John Maynard Keynes expected that around the year 2030 people would only work 15 hours a week. In the mid-1960s, Jean Fourastié still anticipated the introduction of the 30-hour week in the year 2000, when productivity would continue to grow at an established pace. Productivity growth slowed down somewhat in the 1970s and 1980s, but rebounded in the 1990s with the spread of new information and communication technologies. The knowledge economy, however, did not bring about a jobless future or a world without work, as some scholars had predicted. With few exceptions, work hours of full-time employees have hardly fallen in the advanced capitalist countries in the last three decades, while in a number of countries they have actually increased since the 1980s.
This book takes the persistence of long work hours as starting point to investigate the relationship between capitalism and work time. It does so by discussing major theoretical schools and their explanations for the length and distribution of work hours, as well as tracing major changes in production and reproduction systems, and analyzing their consequences for work hours.
Furthermore, this volume explores the struggle for shorter work hours, starting from the introduction of the ten-hour work day in the nineteenth century to the introduction of the 35-hour week in France and Germany at the end of the twentieth century. However, the book also shows how neoliberalism has eroded collective work time regulations and resulted in an increase and polarization of work hours since the 1980s. Finally, the book argues that shorter work hours not only means more free time for workers, but also reduces inequality and improves human and ecological sustainability.
Table of Contents
1. Introduction PART I: Work Time Theories 2. Neoclassical, Weberian, and Institutionalist Perspectives 3. Marxist, Post-Marxist, and Feminist Perspectives 4. Causes and Consequences: Debating Work Time Theories PART II: Work Time, Production, and Reproduction 5. From Fordism to Lean Production 6. The Fragmented World of Service Work 7. Gender Persistence in Domestic Work PART III: Work Time Struggles 8. The Establishment of a Normal Workday and Week 9. Work Time Reduction and Flexibilization PART IV: Conclusions 10. Neoliberalism and the Surge in Work Hours 11. Capitalism and Work Time
Christoph Hermann is a senior researcher at the Working Life Research Centre in Vienna and a lecturer at the University of Vienna, Austria.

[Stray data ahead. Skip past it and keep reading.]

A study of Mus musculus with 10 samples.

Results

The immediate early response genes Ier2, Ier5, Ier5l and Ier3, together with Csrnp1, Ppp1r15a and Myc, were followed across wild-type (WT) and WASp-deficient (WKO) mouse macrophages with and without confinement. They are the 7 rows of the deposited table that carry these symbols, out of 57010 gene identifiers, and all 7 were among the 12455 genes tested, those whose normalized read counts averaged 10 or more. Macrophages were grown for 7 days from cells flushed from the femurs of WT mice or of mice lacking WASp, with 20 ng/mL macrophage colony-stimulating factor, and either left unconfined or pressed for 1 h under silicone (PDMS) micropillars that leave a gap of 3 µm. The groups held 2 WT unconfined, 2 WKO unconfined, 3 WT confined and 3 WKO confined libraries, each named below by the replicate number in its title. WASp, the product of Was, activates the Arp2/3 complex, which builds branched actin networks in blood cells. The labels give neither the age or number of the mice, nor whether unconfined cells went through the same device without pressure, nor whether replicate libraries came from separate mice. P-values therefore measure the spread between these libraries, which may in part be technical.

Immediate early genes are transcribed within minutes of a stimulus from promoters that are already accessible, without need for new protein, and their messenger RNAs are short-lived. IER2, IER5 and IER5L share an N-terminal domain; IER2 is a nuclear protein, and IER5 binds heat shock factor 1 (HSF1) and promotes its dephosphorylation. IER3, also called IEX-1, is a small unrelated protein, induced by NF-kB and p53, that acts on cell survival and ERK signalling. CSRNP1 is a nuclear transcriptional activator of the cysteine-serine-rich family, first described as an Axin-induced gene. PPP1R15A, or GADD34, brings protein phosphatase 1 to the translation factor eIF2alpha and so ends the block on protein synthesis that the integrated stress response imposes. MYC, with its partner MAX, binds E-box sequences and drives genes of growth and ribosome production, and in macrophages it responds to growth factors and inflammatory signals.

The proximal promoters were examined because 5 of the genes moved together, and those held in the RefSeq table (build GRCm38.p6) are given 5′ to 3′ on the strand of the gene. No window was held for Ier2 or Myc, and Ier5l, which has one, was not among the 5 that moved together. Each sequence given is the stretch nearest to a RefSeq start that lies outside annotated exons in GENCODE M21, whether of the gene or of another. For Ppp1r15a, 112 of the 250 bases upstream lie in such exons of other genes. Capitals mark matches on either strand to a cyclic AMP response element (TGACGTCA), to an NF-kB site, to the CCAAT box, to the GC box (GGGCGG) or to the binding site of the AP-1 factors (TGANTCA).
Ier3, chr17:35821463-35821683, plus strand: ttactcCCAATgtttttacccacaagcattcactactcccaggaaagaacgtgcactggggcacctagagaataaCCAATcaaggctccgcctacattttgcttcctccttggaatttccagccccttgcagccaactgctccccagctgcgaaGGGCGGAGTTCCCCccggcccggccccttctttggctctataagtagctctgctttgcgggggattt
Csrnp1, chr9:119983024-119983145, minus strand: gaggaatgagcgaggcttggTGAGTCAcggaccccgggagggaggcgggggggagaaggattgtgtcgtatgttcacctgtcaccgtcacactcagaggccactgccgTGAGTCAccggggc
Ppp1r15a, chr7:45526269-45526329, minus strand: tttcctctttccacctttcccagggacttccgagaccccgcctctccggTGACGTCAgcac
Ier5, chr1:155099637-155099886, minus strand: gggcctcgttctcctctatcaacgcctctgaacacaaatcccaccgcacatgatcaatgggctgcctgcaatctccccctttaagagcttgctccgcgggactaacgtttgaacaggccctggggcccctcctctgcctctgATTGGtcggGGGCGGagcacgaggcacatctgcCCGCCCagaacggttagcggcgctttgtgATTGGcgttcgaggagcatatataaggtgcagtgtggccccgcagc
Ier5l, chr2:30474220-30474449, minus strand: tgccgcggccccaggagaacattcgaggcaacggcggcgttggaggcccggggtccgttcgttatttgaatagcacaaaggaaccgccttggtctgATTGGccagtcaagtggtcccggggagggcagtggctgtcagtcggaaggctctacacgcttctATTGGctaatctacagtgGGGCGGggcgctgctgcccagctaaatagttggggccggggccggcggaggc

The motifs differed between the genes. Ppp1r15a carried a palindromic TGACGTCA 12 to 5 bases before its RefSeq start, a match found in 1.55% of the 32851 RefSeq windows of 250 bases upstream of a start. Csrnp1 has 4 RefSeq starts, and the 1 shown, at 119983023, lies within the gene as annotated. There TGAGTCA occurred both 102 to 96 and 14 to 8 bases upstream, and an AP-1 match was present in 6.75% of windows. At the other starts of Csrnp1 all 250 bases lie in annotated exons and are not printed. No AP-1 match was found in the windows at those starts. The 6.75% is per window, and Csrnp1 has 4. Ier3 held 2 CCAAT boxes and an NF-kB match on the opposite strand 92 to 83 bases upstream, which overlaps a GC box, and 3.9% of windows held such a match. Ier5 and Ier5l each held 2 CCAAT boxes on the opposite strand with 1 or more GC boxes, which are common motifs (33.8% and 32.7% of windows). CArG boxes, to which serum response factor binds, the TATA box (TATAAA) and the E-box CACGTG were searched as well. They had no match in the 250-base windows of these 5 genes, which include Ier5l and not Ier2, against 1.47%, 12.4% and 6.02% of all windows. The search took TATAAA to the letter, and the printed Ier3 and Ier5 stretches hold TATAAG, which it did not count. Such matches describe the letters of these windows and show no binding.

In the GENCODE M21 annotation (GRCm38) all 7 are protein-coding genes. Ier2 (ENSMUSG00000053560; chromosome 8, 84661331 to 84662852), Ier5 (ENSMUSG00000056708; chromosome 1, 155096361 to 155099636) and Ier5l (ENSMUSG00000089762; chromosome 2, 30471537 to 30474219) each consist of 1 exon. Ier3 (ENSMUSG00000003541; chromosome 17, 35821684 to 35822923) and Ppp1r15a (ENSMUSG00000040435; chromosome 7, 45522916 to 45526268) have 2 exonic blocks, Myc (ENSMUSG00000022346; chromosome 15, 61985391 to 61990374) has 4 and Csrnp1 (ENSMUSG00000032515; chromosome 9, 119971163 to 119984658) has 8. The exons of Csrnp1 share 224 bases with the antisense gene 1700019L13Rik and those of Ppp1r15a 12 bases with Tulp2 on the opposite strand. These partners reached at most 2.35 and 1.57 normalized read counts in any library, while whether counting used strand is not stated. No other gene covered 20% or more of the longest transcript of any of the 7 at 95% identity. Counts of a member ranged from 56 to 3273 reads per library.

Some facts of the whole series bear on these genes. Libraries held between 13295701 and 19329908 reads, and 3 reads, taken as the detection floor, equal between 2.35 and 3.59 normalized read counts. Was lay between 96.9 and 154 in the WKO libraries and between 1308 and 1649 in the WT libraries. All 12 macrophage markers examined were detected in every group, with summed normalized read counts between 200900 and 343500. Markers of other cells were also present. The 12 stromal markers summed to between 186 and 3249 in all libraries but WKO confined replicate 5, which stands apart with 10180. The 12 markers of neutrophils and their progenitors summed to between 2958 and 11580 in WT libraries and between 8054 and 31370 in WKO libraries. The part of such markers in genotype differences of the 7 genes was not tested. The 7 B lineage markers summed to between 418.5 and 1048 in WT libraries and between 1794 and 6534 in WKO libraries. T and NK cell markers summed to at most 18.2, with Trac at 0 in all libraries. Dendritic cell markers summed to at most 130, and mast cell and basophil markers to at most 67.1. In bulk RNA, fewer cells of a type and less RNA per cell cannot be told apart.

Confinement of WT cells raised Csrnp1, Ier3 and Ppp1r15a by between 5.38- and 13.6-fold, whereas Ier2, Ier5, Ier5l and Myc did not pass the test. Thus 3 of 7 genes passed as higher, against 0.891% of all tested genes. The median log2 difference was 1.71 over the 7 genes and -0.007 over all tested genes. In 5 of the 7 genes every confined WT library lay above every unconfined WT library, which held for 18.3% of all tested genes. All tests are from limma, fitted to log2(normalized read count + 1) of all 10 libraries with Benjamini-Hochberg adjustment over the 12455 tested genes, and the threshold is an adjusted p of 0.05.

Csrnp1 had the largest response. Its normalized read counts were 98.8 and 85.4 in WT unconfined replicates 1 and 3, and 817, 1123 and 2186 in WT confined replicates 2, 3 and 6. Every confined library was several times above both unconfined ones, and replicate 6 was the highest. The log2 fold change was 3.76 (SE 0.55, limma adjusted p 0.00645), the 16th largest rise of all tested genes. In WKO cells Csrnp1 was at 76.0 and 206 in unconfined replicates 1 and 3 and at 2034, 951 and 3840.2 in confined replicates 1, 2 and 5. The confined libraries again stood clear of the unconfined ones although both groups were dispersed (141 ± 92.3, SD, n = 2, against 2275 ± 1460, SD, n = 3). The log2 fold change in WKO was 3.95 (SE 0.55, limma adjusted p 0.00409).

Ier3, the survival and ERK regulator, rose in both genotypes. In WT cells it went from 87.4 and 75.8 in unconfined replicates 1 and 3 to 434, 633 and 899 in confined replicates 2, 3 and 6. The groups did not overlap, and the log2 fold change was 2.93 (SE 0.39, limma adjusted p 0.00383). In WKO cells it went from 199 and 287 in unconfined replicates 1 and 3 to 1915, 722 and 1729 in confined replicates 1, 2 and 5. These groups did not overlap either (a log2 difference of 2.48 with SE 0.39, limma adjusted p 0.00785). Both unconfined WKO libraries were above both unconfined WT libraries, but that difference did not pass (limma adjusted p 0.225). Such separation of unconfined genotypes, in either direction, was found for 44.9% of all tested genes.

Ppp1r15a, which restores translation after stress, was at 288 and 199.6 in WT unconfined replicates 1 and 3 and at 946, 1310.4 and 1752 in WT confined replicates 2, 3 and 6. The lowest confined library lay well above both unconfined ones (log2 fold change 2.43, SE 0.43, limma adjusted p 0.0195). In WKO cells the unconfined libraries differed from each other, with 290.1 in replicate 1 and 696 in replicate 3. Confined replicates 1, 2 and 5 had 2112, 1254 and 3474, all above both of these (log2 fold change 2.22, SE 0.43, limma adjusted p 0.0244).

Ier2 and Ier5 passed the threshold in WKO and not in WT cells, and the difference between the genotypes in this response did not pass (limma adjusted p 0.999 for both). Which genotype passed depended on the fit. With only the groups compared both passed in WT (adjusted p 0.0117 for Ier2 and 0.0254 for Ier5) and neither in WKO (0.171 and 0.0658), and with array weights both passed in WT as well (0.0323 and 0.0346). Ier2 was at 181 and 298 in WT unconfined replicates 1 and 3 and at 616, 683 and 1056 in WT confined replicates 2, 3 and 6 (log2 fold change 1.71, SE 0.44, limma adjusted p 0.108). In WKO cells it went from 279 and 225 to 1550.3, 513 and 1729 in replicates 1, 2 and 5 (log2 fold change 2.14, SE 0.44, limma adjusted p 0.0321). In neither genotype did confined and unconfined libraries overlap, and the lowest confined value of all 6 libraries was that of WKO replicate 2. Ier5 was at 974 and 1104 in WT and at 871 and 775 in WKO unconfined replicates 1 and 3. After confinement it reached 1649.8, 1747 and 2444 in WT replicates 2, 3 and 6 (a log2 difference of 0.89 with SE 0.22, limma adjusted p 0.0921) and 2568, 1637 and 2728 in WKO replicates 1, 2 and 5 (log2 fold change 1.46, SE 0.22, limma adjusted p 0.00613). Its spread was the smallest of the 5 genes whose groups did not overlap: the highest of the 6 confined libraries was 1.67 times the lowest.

‘A fascinating both theoretical and historical overview, which at the same time is so close to current working-time policy challenges. Definitely a comprehensive introduction and a pleasure to read!’ — Steffen Lehndorff, Institute for Work, Skills and Training, University of Duisburg-Essen, Germany.
‘While much has been written about the defeat of labour movements since the end of the 1970s, surprisingly little attention has been paid to the intensification of workloads and greater corporate control over workers’ time – even though these so profoundly impact working class lives and carry such great potential for mobilizing resistance. ‘Capitalism and the Political Economy of Work Time’ is the crucial starting point for correcting this unfortunate neglect.’ — Sam Gindin, former research director of the Canadian Auto Workers and Packer Chair in Social Justice, York University, Toronto.
‘Work time has perhaps been the subject of more confusion and controversy than any other concept in Marxist theory. With formidable intellectual clarity, Christoph Hermann unravels the theoretical tangles whilst never forgetting the real-life contestation between workers and employers. In the process, he demonstrates the continuing relevance of Marxist theory for understanding labour in the 21st Century. This book establishes Christoph Hermann as a leading thinker in contemporary political economy.‘ — Professor Ursula Huws, University of Hertfordshire, Hatfield, UK.
‘Work time is an extremely timely issue – not only for workers who suffer from increasingly long work hours, but also for an alternative and sustainable mode of development and living. The book stands out for combining both perspectives, as well as for illuminating theoretical debates and practical struggles. A very valuable contribution to political economy and ecology!’ — Professor Ulrich Brand, Department of Political Science, University of Vienna, Austria.